Keeping corruption at bay


I am so very thankful to live in Peachtree City. The city has succeeded under all sorts of adverse conditions. Through recessions, housing bubbles, or stock market crashes, Peachtree City has had tremendous resilience, better than nearly every other municipality in the state.

We have less corruption, and we need to fight to keep it that way.

The main reason for Peachtree City’s success is its ability to attract stable, successful families who are civic-minded. For a little over a decade, the local government has become enamored with urbanization and attracting a more transient population at the behest of real estate developers looking to cash in and young far left-leaning residents who believe we owe them a place to live in our community at the lowest cost possible.

Many of us have witnessed an erosion of our quality of life over the decades. If we fail to hold our local government accountable, our standards will drop further.

Touched by corruption

Corruption is pervasive in society and occurs all over the world. Our lives are touched by acts of corruption every day.

Corruption is the abuse of trust in political or other organizations intending to obtain material benefit or influence that is not legally justified. Corruption occurs at all levels of society.

Corruption is so commonplace that most people take it for granted and rarely demand consequences for the abuse.

It is quite common for employees of the federal Securities and Exchange Commission (SEC) to be later employed by the same Wall Street firms they formerly regulated. Look at the number of former officials in the National Institutes of Health (NIH) or the Centers for Disease Control (CDC) who go on to work for big pharma companies.

Insider stock trading was legal for members of Congress. Likewise, elected officials with oversight capacity via committee appointments often receive large campaign contributions from the entities they regulate.

Locally, the now-defunct Peachtree City Development Authority was one of the most corrupt bodies in Fayette County history. We were also lucky to have survived the Janet Smola and Terri Smith era at the Board of Education. Additionally, we had to root out and kick out local bankers in local politics who had fallen off the ethical cliff.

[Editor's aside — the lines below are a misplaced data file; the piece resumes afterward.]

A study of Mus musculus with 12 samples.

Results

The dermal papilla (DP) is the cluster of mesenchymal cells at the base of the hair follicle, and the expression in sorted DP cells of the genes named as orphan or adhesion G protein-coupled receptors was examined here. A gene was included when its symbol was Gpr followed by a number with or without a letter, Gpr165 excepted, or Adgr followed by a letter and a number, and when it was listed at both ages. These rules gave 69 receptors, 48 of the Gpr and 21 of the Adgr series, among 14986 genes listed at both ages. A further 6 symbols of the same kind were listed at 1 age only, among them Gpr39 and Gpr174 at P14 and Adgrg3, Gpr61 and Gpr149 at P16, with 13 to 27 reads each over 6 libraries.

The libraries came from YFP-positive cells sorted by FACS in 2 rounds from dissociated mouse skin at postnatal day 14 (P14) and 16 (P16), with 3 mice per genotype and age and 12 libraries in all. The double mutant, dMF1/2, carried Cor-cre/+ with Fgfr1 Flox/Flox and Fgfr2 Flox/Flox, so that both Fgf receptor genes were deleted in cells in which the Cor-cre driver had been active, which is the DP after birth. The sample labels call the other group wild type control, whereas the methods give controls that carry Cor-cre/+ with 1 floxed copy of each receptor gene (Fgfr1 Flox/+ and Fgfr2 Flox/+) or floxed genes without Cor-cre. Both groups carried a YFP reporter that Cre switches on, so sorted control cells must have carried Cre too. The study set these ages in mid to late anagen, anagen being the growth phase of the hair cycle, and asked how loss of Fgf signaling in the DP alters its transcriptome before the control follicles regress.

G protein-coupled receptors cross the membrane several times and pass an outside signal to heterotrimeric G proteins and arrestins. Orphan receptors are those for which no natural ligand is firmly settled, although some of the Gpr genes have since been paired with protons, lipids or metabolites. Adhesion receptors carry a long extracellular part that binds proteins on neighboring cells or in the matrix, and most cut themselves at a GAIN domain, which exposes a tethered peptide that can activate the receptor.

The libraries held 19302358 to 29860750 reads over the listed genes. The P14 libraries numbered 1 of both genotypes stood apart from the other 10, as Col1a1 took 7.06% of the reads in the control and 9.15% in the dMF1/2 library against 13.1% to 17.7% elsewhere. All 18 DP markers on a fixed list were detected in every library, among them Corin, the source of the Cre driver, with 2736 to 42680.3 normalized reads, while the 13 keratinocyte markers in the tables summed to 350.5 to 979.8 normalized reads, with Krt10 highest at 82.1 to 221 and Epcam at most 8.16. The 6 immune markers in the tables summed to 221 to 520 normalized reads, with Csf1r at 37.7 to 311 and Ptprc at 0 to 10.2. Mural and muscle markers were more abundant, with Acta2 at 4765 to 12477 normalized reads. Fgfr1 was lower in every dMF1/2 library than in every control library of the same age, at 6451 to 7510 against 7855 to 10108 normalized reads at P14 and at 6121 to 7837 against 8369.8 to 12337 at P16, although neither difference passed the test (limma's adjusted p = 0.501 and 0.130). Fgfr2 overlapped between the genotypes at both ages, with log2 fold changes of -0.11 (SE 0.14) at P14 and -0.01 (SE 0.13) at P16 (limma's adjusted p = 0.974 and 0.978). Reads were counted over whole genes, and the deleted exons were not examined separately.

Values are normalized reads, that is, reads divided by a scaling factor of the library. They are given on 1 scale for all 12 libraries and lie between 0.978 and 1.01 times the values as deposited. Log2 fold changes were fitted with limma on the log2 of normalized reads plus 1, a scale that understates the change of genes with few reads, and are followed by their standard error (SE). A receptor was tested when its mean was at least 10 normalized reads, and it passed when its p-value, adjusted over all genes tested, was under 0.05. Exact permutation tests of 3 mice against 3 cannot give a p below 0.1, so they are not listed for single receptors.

Many consider corruption only as high-dollar exchanges among powerful industries and high-level politicians. You would be shocked at how public trust is often violated for simple exchanges.

Giving millions in exchange for pennies

There have been deals made, procurement of local government contracts, or receipt of favorable government decisions, in violation of the public interest because a certain entity purchased a nice dinner or sports tickets for local officials. Sometimes, the public interest is sullied in exchange for inclusion into a certain social group.

It is truly amazing how low the cost can be to divert government decisions on the expenditure of hundreds of thousands, even millions, of dollars at the local and state levels.

The official pomp and circumstance of reciting the formal oath of office, a sworn oath, is quickly forgotten just days later. Swearing to uphold and defend the local ordinances, the Georgia Constitution, and the United States Constitution can dissolve when personal interests or feelings come into play.

Many times, vested groups will initiate public harassment or intimidation campaigns to coerce elected officials to abandon the public trust. Lobbyists, political action committees, local Chambers of Commerce, etc. are active in the process.

Many officials will bow to aggressive public pressure from these groups because they have no real principles to lean upon. Like boxer Mike Tyson said, “Everybody has a plan until they get punched in the mouth.”

The governmental bodies within Fayette County have not been immune to corruption. All one needs to do is go back to the archives and read the candidates’ promises made to the voters and see how they twisted those pledges after being elected. At times, the 180-degree shifts are due to some sort of corrupt activity, other times it’s simple peer pressure.

What can we do?

Acknowledge that corruption leads to moral degradation, financial loss, and bad faith. Don’t be part of the problem. Choose to be part of the solution.

Be careful who you vote for and ask the candidates specifically where they stand on key issues. Hold them to their pledges.

Call out officials who violate the public trust. Mayor Kim Learnard has been called out several times in her two years as mayor. Likewise, as we have seen locally, we need to expose the special interest groups who attempt to unduly influence our governmental process.

Officials who violate the public trust should never be re-elected. You need to vote in local elections.

Offer support for legislative bills that create more transparency and significant consequences for corruption.

Don’t allow associations or affiliations with various political or industrial entities to cloud your ability to speak out on corruption, no matter who commits the offense, speak out.

It’s up to you.

[Brown is a former mayor of Peachtree City and served two terms on the Fayette County Board of Commissioners. You can read all his columns by clicking on his photo below.]


  1. I look forward to Steve “The Cowardly Lion” finally catching the fire and fury he deserves for slinging mud on retired senior citizens who actually spend their time serving their local community.

    Meanwhile, Steve continues to accomplish nothing and impress no one with his addiction to attention.

    A prime example of an empty suit with an empty head.